The End of the Blues

My final woad dyeing session of the year.  This is probably the darkest blue I've managed with woad leaves (there were a lot).  The photo doesn't really show the full depth of colour as there's a bit too much light reflection on the skeins - they are darker in real life.

These are all merino, haven't worked out the yardage yet, but I'm planning to knit an Age of Brass and Steam Kerchief which is a free Ravelry pattern.

Wednesday, 20 November 2013

Postscript to "The Dye That Wouldn't Die"

Just to finish off my previous post on the pink dye, these are the final photos/weights of the wool I dyed.

Bearing in mind we weighed out just enough dye to dye the 200g cardigan, I think I did pretty well to dye all the above.  These come to 360g in total.

Starting with the two skeins on the left, these were the first two to be submerged in the dye - Alpaca/Silk, weighing 160g between them.  The third from the left is 80g of either Falkland/Silk or Merino/Silk (must write things down!) and went into the dyepot next. Surprisingly, the final skein to go in there turned out to be the darkest (work that one out!).  This is definitely Merino/Silk and weighs 40g.

Finally, 80g of Falkland fleece was stuffed in there and still came out a really nice pink.

Sorry about the quality of the photos - for some reason I find pink very difficult to photograph.  It aways comes out sort of fuzzy and shocking!

Monday, 18 November 2013

The Dye that Wouldn't Die

A few days ago Tammy came up to our house for a bit of help dyeing a child's cardigan. The wool was from her neighbours' sheep (Rob sheared them earlier in the year and they gave all the fleeces to Tammy).  She wanted to make something for them to say thank you, and decided it would be nice to make their little girl (2 years old) a cardigan.  She spun all the wool and then passed it on to another neighbour to knit.

The plan was to leave the cardigan the natural fleece colour and add some little wooden toggles as fasteners, but when it was knitted up it became apparent that the wool was two different shades and really didn't look good.  So the dyepot it was!  Tammy picked a really nice raspberry-coloured dye (Landscape Dyes) and we weighed out enough to dye the cardigan.  I don't have a photograph yet of this, but it did look really stunning when finished.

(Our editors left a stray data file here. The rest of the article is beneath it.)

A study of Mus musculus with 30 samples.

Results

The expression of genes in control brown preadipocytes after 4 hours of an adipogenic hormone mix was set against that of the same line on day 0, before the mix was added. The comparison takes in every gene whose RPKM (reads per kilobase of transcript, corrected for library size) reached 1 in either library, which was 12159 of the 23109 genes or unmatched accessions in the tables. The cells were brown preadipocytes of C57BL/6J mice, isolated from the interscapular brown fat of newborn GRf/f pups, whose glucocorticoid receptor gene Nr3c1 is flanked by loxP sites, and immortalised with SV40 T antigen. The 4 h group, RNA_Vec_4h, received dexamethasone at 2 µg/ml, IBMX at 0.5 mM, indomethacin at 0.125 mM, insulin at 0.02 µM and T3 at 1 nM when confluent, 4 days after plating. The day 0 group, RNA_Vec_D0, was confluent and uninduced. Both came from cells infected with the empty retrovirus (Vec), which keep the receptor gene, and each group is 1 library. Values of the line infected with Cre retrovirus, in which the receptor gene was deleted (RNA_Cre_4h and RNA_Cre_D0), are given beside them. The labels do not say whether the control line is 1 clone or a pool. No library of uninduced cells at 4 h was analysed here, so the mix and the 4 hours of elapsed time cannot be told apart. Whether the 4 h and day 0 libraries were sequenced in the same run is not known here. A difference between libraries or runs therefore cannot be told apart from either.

There was still quite a bit of colour left in the dyepot afterwards, and as Tammy had no further use for it, I just had to dye some skeins myself.  Couldn't waste it!  I put in two skeins of alpaca/silk and heated it through.  I was surprised at the depth of colour from this second dye session.  I was even more surprised that there was still a fair amount of colour left after I'd removed the skeins.  In went another one . . . and then another when that came out!

Here's the fourth skein (still very wet, but look at that colour!) :-

This one was merino/silk.

And there was still a decent amount of dye left in the pan.  Was this dye never going to die?  I'd run out of handspun skeins by then, so I stuffed in some Falkland fleece and gave that a go.  As you can see, it's not too shabby :-

By this time, the dye water was pale pink, so I decided to call it a day and throw the rest away.  I'm sure I'd still have achieved some colour from it though!

Sunday, 10 November 2013

Shaggy Parasol

This, I think, is a Shaggy Parasol mushroom (Macrolepiota Rhacodes).  I've found it's relative, Macrolepiota Procera - Parasol Mushroom) occasionally in the countryside, but never anywhere near our house.  Both of these mushrooms are edible.

Can anyone tell me then, why this mushroom was found growing inside our house, albeit in an undeveloped part?  It was growing quite happily in the angle between the floor and a plastered wall.  I've since broken the cap into various small parts and distributed them around the garden, hoping in future years they may choose to grow here.

In the meantime, I've been busy spinning like mad for our Christmas sale on 1st December in the village hall.  There will be photos soon!